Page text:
10 Facts on the Big Dipper

Written by casey woods
The Big Dipper is in the Northern Celestial Hemisphere. (Photos.com/Photos.com/Getty Images)

"Follow the Drinking Gourd, for the old man is awaiting for to carry you to freedom" is perhaps one of the most famous references to the Big Dipper from the song "Follow the Drinking Gourd." Also referred to in the Iliad by Homer as "The Bear, that men call Wain" and in the Bible as "the seven stars" in Amos 5:8 of the King James Version, the Big Dipper has a presence in literature as well as in the northern skies.


The Big Dipper is not a constellation, but is a group of stars that is part of the large constellation of Great Bear. The Big Dipper's handle makes up the bear's tail. The official name for the Great Bear constellation is Ursa Major, which means "the big she-bear" in Latin.

Seven Major Stars

The Big Dipper consists of seven major stars. Beginning at the tip of the handle, working down and then clockwise around the bowl of the dipper they are Alkaid, Mizar, Alioth, Megrez, Dubhe, Merak and Phecda.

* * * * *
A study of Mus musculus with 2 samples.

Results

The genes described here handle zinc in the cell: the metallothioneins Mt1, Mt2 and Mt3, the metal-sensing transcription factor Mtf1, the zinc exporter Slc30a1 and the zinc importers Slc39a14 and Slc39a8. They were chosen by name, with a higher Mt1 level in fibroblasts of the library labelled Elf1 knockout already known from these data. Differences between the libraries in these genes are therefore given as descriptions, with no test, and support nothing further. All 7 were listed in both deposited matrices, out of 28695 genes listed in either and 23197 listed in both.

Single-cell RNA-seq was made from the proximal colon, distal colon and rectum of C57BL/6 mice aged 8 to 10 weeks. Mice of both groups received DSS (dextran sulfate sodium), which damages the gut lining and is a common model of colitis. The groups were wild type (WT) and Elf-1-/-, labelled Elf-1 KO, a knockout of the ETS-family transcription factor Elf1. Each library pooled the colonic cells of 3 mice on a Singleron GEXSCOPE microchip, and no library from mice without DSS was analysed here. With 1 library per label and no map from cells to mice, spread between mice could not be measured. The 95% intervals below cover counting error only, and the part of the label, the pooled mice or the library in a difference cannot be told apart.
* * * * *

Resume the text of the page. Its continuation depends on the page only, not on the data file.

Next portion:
Pointer Stars

The two stars at the tip of the bowl of the Big Dipper, Dubhe and Merak, point towards the North Star. Slave songs referred to a drinking gourd to follow to a better life, referring to the Big Dipper and these pointer stars to aid escaping slaves on their trip north to freedom in Canada.

Double Star

The middle star in the handle of the Big Dipper, Mizar, is actually a double star. Alcor is a smaller star that is close to Mizar. You can see both stars through a set of binoculars or a telescope, though many can see Alcor unaided. Another term for Alcor and Mizar is "horse and rider."


The stars in the Big Dipper are as bright as the North Star and are the brightest stars in the Great Bear constellation.

Changes Position

The Big Dipper rotates around the North Star, so its position depends on the time of night and the season.

Multiple Names

Native Americans refer to the Big Dipper as the Big Bear, with the bowl representing a bear and the three stars in the handle representing three hunters. The French refer to the Big Dipper as the saucepan and the British refer to it as the plough.

Featured on a Flag

Designed by then 13-year-old Benny Benson in 1926, the state flag of Alaska features the seven stars of the Big Dipper and the North Star.


The closest star in the Big Dipper is Alioth at 68 light-years from the Earth. The furthest star in the Big Dipper is Alkaid at 210 light-years away.


The Big Dipper is in the Northern Celestial Hemisphere.